A few weeks ago my wife called from upstairs. There was an unusual urgency to her voice. When I found her, I understood.
She had been stung by a bald-faced hornet. It got her right by her eye, and her face swelled up immediately. Within minutes, hives covered much of her body.
Linda has been stung before, but she never had such a reaction. So it was off to the emergency room. Rather be safe than sorry. After about seven hours of treatment, the symptoms subsided, and we returned home with a prescription for an EpiPen, which contains a single dose of epinephrine in the event of a life-threatening allergic reaction or anaphylaxis.
It's that time of year. Honey bees, wasps and hornets are active, and soon yellow jackets will be protecting underground nests from marauding lawn mowers.
Sooner or later, everyone gets stung.
The best treatment is prevention. If there's a hornet nest or bee swarm near a porch or sidewalk, call a bee keeper or pest control specialist to remove the problem. Most bee keepers will happily remove a swarm for free, and money spent removing a hornet nest is money well spent. It sure beats a visit to the emergency room.
Sometimes, however, stings just happen so it's best to be prepared. I've been stung while driving with my arm resting on the open car window.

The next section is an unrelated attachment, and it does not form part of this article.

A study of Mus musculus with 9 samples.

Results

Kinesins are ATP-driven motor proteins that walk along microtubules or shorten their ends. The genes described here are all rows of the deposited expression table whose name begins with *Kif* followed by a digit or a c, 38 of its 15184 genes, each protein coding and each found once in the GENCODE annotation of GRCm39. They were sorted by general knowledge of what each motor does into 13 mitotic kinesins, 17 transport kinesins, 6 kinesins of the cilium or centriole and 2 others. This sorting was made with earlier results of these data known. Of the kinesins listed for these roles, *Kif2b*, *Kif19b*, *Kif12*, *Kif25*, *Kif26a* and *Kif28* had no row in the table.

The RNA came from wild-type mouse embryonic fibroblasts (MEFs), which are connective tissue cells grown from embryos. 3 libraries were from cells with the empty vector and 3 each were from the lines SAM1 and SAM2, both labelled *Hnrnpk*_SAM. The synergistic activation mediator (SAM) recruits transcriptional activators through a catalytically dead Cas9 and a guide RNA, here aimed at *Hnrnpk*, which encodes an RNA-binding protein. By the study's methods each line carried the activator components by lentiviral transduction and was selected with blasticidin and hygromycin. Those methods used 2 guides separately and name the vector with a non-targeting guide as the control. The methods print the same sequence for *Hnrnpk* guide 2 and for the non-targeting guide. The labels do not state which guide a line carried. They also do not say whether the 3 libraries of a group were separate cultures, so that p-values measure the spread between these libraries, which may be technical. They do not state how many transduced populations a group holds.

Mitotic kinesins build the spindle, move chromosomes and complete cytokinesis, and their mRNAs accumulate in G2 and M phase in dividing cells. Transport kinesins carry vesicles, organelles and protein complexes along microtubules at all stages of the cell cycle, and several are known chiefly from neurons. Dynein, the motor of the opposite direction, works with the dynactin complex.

The American Red Cross reports that most insect stings are not serious and can be easily treated. But severe allergic reactions can be deadly.
Begin treatment as soon as possible by cleaning the wound with soap and water. If the culprit was a honey bee, the stinger may still be attached to the wound because honey bee stingers are barbed. Remove it carefully by scraping with a credit card or fingernail. Do not squeeze the stinger with a tweezers or fingers. That will only inject more venom into the wound.
After cleaning the wound to prevent infection, cover it with a washcloth and apply a cold pack or cold, wet washcloth to reduce swelling.
Watch for signs of an allergic reaction over the next 72 hours. Visit a physician if wheezing, difficulty breathing, tightness in the throat or chest, swelling of the lips, dizziness, fainting, vomiting, nausea or a rash or swelling around the sting site persists. In most cases, these symptoms will not occur.
Biologist, author and broadcaster Scott Shalaway can be heard 9-11 a.m. Saturdays on 1370 AM WVLY (Wheeling) and noon-2 p.m. Sundays on 1360 AM WMNY (Pittsburgh). He can be reached at scottshalaway.googlepages.com and 2222 Fish Ridge Road, Cameron, WV 26033.